Rumors and allegations about R. Kelly’s behavior have swirled for years, but lately it seems like his #TimesUp. As social and traditional media pile on the pressure, subscription-based music streamer Spotify said today the R&B star’s songs no longer will be featured on its playlists — though it stopped short of banning his catalog altogether.
The move comes as Spotify puts into place its new “public hate content and hateful conduct policy,” in which the company reserves the right to remove “content that expressly and principally promotes, advocates, or incites hatred or violence against a group or individual based on characteristics, including, race, religion, gender identity, sex, ethnicity, nationality, sexual orientation, veteran status, or disability.” Read its full policy statement below.
A key point in Spotify’s R. Kelly move today is that it is not banning his music from the service but rather refusing to promote it in its popular playlists.
The singer is facing numerous recent allegations of sexual misconduct including relations with underage girls, assault and being the leader of a so-called “sex cult.” A #MuteRKelly campaign in gaining momentum, with such A-listers as Shonda Rhimes, Ava DuVernay and Viola Davis added their heft. Last week Lifetime announced a movie and documentary series focusing on his history of alleged sexual abuse. Both will focus on women who are emerging from the shadows to share their stories about him.
Since breaking out in the early 1990s, Kelly has amassed 14 top 10 albums, including six No. 1s. He also has scored two No. 1 pop singles amid 10 that reached the top 10, though none since 2003. He also has three Grammy Awards — all for the song “I Believe I Can Fly,” which is from the 1996 movie Space Jam.
Here is Spotify’s statement announcing its new policy:
We have tens of millions of tracks on Spotify, growing by approximately 20,000 recordings a day. Nothing makes us more excited than discovering and sharing that music. One of the most amazing things about all that music is the range of genres, cultures, experiences, and stories embodied in it. We love that our platform is home to so much diversity because we believe in openness, tolerance, respect, and freedom of expression, and we want to promote those values through music on our platform.
However, we do not tolerate hate content on Spotify – content that expressly and principally promotes, advocates, or incites hatred or violence against a group or individual based on characteristics, including, race, religion, gender identity, sex, ethnicity, nationality, sexual orientation, veteran status, or disability.
Today, we are announcing our policy on Hate Content and Hateful Conduct. … [H]ere are the basics:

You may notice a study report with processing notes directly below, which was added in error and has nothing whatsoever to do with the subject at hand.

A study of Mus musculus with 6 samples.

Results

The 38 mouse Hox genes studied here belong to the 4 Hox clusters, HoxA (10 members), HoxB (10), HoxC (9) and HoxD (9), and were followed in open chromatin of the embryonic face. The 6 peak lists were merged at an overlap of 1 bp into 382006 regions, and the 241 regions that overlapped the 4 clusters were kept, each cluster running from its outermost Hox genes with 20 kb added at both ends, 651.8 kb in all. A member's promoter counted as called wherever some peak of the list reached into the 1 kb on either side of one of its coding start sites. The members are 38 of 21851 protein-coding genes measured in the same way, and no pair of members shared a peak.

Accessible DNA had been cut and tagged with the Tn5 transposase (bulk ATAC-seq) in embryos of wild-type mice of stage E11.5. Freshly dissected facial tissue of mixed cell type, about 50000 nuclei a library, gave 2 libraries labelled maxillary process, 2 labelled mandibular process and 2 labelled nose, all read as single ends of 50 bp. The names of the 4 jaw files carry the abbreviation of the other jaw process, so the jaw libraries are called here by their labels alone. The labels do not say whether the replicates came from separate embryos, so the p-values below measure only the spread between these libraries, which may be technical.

When we are alerted to content that violates our policy, we may remove it (in consultation with rights holders) or refrain from promoting or playlisting it on our service. It’s important to us that our values are reflected in all the work that we do, whether it’s distribution, promotion, or content creation.
At the same time, however, it’s important to remember that cultural standards and sensitivities vary widely. There will always be content that is acceptable in some circumstances, but is offensive in others, and we will always look at the entire context.
To help us identify hate content, we have partnered with rights advocacy groups, including The Southern Poverty Law Center, The Anti-Defamation League, Color Of Change, Showing Up for Racial Justice (SURJ), GLAAD, Muslim Advocates, and the International Network Against Cyber Hate. We also built an internal content monitoring tool, Spotify AudioWatch, which identifies content on our platform that has been flagged as hate content on specific international registers. And we listen to our users – if you think something is hate content, please let us know and we will review it carefully against our policy.
We’ve also thought long and hard about how to handle content that is not hate content itself, but is principally made by artists or other creators who have demonstrated hateful conduct personally. We work with and support artists in different ways – we make their music available on Spotify and help connect them to new and existing fans, we program and promote their music, and we collaborate with them to create content. While we don’t believe in censoring content because of an artist’s or creator’s behavior, we want our editorial decisions – what we choose to program – to reflect our values. So, in some circumstances, when an artist or creator does something that is especially harmful or hateful (for example, violence against children and sexual violence), it may affect the ways we work with or support that artist or creator.
This is our first iteration of this new policy. These are complicated issues, and we’re going to continue to revise our Policy on Hate Content and Hateful Conduct. We’ll make some mistakes, we’ll learn from them, and we’ll always listen to you as we work to keep building the Spotify platform.